Tavis Smiley became more than a little defensive when he was recently referred to as a Barack Obama critic.

“Your facts are wrong because I have never leveled a personal critique against the president ever. I’ve never said anything personal about Barack Obama,” Tavis told

“I detest when people suggest that I’m an Obama critic. I’m a member of the media and my job like yours—if you’re doing it well—is to hold the president accountable. That doesn’t make me a critic,” he said.

Tavis has been criticized by many for launching his Poverty Tour, with colleague Dr. Cornel West, during Barack Obama’s presidency. His detractors question why Tavis wasn’t so outspoken during the presidencies of those who preceded Obama.

However, Tavis said his comments are objective, and he’s not personally attacking Obama.

“My job is to hold the president accountable, so I’m not a critic of the president,” he said.

When asked about comments he’s made about not being invited to the White House, Tavis said when he first brought it up, he did so in response to a direct question.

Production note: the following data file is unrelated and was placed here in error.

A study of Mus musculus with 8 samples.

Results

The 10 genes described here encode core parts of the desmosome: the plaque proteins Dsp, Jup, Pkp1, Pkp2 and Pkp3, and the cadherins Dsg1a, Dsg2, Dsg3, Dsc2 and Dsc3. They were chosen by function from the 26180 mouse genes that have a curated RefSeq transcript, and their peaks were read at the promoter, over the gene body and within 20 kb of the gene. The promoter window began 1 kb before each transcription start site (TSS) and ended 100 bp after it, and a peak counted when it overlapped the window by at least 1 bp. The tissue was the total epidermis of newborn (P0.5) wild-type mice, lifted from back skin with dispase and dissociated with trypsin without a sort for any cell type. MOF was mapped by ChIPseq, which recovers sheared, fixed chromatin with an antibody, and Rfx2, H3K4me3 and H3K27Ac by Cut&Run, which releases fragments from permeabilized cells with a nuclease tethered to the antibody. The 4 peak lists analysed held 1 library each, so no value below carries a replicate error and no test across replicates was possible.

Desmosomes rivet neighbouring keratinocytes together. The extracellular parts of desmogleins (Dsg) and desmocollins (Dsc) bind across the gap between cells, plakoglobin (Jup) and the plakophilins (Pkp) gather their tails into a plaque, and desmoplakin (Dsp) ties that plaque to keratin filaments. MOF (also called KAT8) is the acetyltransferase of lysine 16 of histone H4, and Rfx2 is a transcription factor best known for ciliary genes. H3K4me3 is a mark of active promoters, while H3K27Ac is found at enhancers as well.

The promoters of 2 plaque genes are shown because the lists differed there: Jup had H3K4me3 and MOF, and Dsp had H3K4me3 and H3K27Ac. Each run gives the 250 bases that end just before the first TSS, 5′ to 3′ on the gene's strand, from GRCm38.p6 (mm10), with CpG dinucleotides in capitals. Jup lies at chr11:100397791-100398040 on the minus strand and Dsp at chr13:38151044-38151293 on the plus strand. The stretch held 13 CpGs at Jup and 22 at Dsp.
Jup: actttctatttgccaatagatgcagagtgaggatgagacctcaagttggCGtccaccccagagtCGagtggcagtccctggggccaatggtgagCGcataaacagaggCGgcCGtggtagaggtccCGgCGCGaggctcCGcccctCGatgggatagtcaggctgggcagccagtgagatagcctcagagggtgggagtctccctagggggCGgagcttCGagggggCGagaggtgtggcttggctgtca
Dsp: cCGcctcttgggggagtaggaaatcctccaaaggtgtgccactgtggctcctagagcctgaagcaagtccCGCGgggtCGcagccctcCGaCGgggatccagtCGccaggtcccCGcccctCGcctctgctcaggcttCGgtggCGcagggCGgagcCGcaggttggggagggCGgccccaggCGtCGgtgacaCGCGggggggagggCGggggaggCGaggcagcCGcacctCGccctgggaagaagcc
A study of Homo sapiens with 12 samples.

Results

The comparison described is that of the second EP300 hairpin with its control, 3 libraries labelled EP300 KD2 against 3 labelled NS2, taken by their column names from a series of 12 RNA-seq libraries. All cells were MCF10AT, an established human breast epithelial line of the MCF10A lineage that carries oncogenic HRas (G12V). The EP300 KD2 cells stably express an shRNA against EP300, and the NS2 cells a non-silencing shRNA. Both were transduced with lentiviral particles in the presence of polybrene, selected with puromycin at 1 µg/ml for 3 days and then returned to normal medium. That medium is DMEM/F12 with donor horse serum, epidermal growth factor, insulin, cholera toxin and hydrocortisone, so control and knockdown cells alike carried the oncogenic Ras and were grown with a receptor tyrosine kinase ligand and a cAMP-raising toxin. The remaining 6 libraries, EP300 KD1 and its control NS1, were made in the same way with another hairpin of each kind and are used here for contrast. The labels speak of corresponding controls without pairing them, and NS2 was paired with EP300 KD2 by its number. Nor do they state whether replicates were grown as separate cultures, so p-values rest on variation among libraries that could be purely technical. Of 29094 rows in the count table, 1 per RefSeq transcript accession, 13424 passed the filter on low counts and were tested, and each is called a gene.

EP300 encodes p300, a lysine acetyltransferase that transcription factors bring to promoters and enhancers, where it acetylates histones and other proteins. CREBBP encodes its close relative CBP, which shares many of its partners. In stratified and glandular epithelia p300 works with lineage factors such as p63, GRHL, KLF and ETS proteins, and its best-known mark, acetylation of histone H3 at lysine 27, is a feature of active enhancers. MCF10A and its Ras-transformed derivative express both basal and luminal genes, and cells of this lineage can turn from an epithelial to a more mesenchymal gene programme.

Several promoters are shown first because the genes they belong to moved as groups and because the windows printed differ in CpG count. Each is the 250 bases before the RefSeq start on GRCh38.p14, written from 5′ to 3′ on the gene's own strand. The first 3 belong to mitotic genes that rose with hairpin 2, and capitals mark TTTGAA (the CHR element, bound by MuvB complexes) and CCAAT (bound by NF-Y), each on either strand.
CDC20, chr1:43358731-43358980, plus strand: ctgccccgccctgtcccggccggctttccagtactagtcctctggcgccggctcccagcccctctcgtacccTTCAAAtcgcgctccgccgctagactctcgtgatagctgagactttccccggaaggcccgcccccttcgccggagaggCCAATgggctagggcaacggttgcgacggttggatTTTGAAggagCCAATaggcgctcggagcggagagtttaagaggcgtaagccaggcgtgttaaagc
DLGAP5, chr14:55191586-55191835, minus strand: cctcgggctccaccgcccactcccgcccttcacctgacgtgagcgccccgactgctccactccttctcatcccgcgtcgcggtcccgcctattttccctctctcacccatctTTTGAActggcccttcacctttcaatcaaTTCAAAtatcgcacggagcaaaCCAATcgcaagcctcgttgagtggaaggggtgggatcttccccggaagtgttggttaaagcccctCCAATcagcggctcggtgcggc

“I was on C-Span, and I was asked whether or not I’d interviewed the president. I was asked specifically if I’d been to the White House. I didn’t level a complaint. I didn’t raise the issue,” said Tavis, who has been friends with Obama for 15 years.

However, he didn’t deny that he’d like an invitation to the White House.

“Everybody wants to be invited to the White House, particularly when Sean Hannity and Bill O’Reilly and others are getting interviews and invites to the White House. It does say something about the White House, but that’s not my issue,” Tavis explained, noting that he wasn’t eager to bring up the fact that he’d not been invited.

“For three years, before being asked that question, I was fully aware that I had not been to the White House—first president in my professional career to not invite me for anything—I was fully aware of that. I was fully aware, obviously, that I had not sat for an interview with the president since he’d been elected, and I never said a word about it publicly because I don’t lose any sleep over it,” said Tavis, who doesn’t mind going down in history as someone who insisted on holding Obama accountable.

“I don’t want to be regarded in history as having been silent during the era of a Black president when Black people were catching more hell than anybody else,” Tavis said. “And somehow we’re not supposed to say something, and if you do say something, you hatin’ on the president? Black folk have got to mature,” he said.